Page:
Not all crops are created equal. Sometimes, crops have the ability to contribute far more than their yield to an operation. Today we meet with Howard Nelson, a recently retired agronomist at Highline Grain Growers and Mark Sheffels a farmer who lives in Eastern Washington, the territory Howard once covered.

During his career, Howard focused his efforts on finding another crop to work into a wheat rotation to overwinter. He settled on fall sown peas for its nitrogen fixing ability and marketability as a crop. He then had to find a variety that would best thrive in the harsh winters of Eastern Washington.  The Blaze pea variety he selected may look different than conventional peas but that doesn’t take away from the farmers ability to find a market as they are commonly used as an ingredient and the outside look is less significant. Apart from a new system of planting he also had to develop a new herbicide regimen. 

“We have different issues because we’re looking at winter annual weeds versus spring germination weeds. So our major weeds are the mustard weeds….and then of course our grassy weeds….Pretty much we do all of our weed control, post emergent in the spring.” – Howard Nelson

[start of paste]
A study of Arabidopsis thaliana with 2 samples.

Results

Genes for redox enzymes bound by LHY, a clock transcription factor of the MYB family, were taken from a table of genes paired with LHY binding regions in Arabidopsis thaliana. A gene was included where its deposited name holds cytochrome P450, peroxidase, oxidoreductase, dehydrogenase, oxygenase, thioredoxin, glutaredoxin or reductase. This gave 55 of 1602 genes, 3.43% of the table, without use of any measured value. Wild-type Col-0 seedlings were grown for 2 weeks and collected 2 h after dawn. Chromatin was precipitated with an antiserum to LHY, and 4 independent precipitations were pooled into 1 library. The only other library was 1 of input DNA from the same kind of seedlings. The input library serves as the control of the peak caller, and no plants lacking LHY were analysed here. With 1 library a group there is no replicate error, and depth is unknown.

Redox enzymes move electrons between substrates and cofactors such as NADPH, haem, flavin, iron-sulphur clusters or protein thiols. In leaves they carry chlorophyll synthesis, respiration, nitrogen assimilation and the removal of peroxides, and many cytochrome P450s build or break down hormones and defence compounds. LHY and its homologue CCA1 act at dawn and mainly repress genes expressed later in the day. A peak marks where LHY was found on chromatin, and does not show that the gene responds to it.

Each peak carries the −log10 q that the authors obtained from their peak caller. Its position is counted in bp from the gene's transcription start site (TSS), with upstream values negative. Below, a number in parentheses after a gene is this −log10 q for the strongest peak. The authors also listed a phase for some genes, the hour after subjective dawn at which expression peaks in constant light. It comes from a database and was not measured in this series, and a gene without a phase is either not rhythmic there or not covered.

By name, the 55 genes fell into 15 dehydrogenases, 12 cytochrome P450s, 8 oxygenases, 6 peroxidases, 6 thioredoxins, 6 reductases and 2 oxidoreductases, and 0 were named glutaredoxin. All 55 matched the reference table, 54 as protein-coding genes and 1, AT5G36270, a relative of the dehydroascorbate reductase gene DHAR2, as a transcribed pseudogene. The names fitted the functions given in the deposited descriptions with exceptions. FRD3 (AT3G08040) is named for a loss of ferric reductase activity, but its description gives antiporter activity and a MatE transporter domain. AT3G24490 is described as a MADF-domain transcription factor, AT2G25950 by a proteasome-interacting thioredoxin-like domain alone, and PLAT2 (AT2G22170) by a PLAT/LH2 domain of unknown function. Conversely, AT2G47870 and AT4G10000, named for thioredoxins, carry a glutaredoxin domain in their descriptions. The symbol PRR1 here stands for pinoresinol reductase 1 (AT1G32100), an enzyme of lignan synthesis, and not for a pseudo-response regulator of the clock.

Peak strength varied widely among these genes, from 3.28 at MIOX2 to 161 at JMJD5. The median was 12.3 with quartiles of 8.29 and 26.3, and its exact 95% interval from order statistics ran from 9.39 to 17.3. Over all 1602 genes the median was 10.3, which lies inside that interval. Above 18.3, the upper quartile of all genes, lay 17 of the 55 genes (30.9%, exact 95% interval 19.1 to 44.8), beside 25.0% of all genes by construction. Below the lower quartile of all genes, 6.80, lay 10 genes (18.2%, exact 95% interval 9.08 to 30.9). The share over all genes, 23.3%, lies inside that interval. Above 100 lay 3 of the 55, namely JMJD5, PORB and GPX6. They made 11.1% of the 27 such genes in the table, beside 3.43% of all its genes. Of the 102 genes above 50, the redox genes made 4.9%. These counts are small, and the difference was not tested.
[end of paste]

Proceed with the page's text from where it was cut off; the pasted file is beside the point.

The nitrogen fixed by the peas will help support the next crop introduced to that field. Farmers typically see fewer root diseases in wheat that follows peas. There is evidence of more micronutrients including phosphorus and sulfur in the soil following a pea harvest. All of this contributes to better yields in the wheat that follows the pea crop. 

“The one year we had a 17 bushel increase in winter wheat, following peas versus wheat following wheat, which is almost a 30% increase with no additional costs. It didn’t cost this grower anything.” – Howard Nelson

Howard helped guide Mark Sheffels operation in adding fall sown peas. After “dabbling” in peas for many years, Mark added the peas into his rotation and has seen great advantages in his wheat production. He is impressed by the ability of peas to germinate when planted 5-6 inches deep in order to have access to moisture in the soil. He is also pleased to see the benefits the crop has had on his soil’s health without requiring additional inputs. 

“With the peas and the change in rotation, it just opens up a lot of opportunities to run much cleaner rotations. And biologically……we can do things to make our soils healthier, more productive and put them in a position to sequester more nitrogen out of the atmosphere for themselves. – Mark Sheffels

This Week on Growing Pulse Crops:

Growing Pulse Crops Podcast is hosted by Tim Hammerich of the Future of Agriculture Podcast.